Spurious justifications notwithstanding, the decision to axe the Climate Service is a blow to the free flow of information. As Vastag pointed out in his article, it arrived just as the Intergovernmental Panel on Climate Change released a special report that reaffirmed is growing scientific consensus that climate change is already creating more frequent episodes of extreme weather.

With more droughts, floods, and storms likely on their way, the efficient delivery of accurate, up-to-date information will become increasingly important to the farmers, urban planners, and insurance companies highlighted by NOAA’s Lubchenco. The same goes for journalists.

In late 2010, scientists launched two separate efforts—Climate Science Rapid Response Team and American Geophysical Union’s Climate Q&A Service—designed to improve the flow of climate information to the media, policymakers, and the public. The former is still going strong, but the latter is on hiatus pending an overhaul. Ideally, NOAA’s Climate Service would have complemented these programs, but it seems that prospect is now gone.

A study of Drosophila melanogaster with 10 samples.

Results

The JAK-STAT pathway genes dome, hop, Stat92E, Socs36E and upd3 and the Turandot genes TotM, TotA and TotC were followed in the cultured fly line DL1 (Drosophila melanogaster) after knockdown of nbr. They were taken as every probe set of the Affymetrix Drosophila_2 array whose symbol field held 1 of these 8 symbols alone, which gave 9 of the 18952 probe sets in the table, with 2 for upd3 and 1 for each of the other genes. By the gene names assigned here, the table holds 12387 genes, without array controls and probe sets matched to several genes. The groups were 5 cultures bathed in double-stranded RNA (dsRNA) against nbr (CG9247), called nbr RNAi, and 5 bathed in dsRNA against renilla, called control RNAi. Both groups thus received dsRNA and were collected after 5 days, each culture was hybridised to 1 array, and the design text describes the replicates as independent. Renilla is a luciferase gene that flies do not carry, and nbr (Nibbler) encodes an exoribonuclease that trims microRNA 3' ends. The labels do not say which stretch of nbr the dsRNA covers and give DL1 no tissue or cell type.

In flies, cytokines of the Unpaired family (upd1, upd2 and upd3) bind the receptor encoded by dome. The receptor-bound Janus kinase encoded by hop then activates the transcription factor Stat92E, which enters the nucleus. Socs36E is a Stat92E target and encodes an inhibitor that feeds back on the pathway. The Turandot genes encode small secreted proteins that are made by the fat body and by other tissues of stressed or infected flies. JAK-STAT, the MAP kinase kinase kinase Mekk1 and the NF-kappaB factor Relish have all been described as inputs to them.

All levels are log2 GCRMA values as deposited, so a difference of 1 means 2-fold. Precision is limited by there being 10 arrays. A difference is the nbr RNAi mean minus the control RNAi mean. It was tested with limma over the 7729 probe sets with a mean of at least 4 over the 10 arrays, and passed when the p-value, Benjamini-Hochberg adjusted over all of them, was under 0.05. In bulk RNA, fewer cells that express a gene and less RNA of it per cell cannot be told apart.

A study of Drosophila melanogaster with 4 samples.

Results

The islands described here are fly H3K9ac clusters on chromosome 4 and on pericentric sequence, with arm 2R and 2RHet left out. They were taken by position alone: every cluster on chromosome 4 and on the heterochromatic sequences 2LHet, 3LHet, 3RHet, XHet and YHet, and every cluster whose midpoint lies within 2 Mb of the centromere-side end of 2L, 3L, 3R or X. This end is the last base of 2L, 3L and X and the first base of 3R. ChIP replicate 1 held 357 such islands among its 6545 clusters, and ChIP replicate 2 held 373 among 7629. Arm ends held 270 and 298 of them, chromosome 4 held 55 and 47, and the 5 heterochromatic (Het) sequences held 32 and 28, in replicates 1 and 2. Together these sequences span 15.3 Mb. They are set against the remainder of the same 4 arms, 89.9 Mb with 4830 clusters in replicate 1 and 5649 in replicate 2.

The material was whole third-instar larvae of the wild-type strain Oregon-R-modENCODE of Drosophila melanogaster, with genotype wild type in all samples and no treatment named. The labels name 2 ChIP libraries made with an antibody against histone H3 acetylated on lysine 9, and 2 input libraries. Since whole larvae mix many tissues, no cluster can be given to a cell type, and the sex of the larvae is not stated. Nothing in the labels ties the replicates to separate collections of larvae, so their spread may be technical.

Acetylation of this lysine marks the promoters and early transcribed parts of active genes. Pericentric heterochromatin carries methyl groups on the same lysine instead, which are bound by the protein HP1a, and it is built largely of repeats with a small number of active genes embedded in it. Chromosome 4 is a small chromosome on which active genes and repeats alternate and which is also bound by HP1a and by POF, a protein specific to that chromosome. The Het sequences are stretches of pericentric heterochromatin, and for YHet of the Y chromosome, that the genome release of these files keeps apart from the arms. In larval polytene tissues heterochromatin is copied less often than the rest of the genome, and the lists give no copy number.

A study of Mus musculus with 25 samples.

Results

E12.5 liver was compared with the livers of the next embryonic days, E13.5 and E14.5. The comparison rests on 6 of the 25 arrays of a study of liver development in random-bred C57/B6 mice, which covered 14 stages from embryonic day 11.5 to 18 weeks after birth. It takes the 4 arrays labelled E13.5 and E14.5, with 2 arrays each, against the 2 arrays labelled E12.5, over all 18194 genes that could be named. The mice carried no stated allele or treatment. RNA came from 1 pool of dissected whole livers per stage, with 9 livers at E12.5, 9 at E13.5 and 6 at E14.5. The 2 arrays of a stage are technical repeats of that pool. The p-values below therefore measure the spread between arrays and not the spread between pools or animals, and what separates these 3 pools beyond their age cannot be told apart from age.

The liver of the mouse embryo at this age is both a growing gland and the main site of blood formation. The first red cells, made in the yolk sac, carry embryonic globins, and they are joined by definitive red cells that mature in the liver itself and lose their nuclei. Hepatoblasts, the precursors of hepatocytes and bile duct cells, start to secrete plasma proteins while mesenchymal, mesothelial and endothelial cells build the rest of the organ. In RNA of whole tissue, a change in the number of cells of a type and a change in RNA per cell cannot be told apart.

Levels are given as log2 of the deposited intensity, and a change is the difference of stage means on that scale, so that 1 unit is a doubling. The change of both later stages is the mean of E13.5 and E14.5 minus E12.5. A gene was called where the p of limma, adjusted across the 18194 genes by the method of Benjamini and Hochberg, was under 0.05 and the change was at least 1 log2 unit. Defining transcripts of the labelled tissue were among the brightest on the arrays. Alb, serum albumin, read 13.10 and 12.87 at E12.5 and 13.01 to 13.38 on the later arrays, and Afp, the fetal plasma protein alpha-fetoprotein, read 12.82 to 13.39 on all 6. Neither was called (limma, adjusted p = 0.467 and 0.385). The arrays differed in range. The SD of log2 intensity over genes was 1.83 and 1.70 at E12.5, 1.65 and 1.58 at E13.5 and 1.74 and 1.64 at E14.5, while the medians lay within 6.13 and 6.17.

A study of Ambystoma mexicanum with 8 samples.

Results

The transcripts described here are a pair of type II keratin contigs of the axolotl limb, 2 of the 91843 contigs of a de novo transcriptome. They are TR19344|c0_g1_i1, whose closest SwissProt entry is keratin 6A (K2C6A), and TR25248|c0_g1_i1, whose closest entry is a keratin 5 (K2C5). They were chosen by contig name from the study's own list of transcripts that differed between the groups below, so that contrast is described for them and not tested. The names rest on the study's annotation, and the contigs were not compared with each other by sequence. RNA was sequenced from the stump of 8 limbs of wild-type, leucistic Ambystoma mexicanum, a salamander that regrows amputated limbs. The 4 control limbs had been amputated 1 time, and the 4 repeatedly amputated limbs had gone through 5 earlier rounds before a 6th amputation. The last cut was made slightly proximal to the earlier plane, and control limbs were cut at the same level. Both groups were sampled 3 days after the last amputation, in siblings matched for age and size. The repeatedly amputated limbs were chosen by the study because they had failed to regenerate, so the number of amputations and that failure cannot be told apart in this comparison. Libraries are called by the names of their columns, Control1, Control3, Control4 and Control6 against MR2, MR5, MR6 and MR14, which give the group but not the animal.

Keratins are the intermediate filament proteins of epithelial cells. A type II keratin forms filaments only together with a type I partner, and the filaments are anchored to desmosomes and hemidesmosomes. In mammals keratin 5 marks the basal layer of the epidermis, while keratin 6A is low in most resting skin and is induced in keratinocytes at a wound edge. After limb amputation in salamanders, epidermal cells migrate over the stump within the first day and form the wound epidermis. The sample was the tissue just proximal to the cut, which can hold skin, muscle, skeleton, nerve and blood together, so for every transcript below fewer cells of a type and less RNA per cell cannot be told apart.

On the bright side, Vastag reported Monday that “federal science funding emerged relatively unscathed last week after the House and Senate worked out a deal for fiscal 2012.” NOAA, the National Science Foundation, and the National Institute of Standards and Technology all received small budgetary increases, while NASA took a modest cut that was much less than feared.

Federal research will continue. But, at NOAA at least, there will be no “one stop shop” for information about that work.

Curtis Brainard is the editor of The Observatory, CJR's online critique of science and environment reporting. Follow him on Twitter @cbrainard.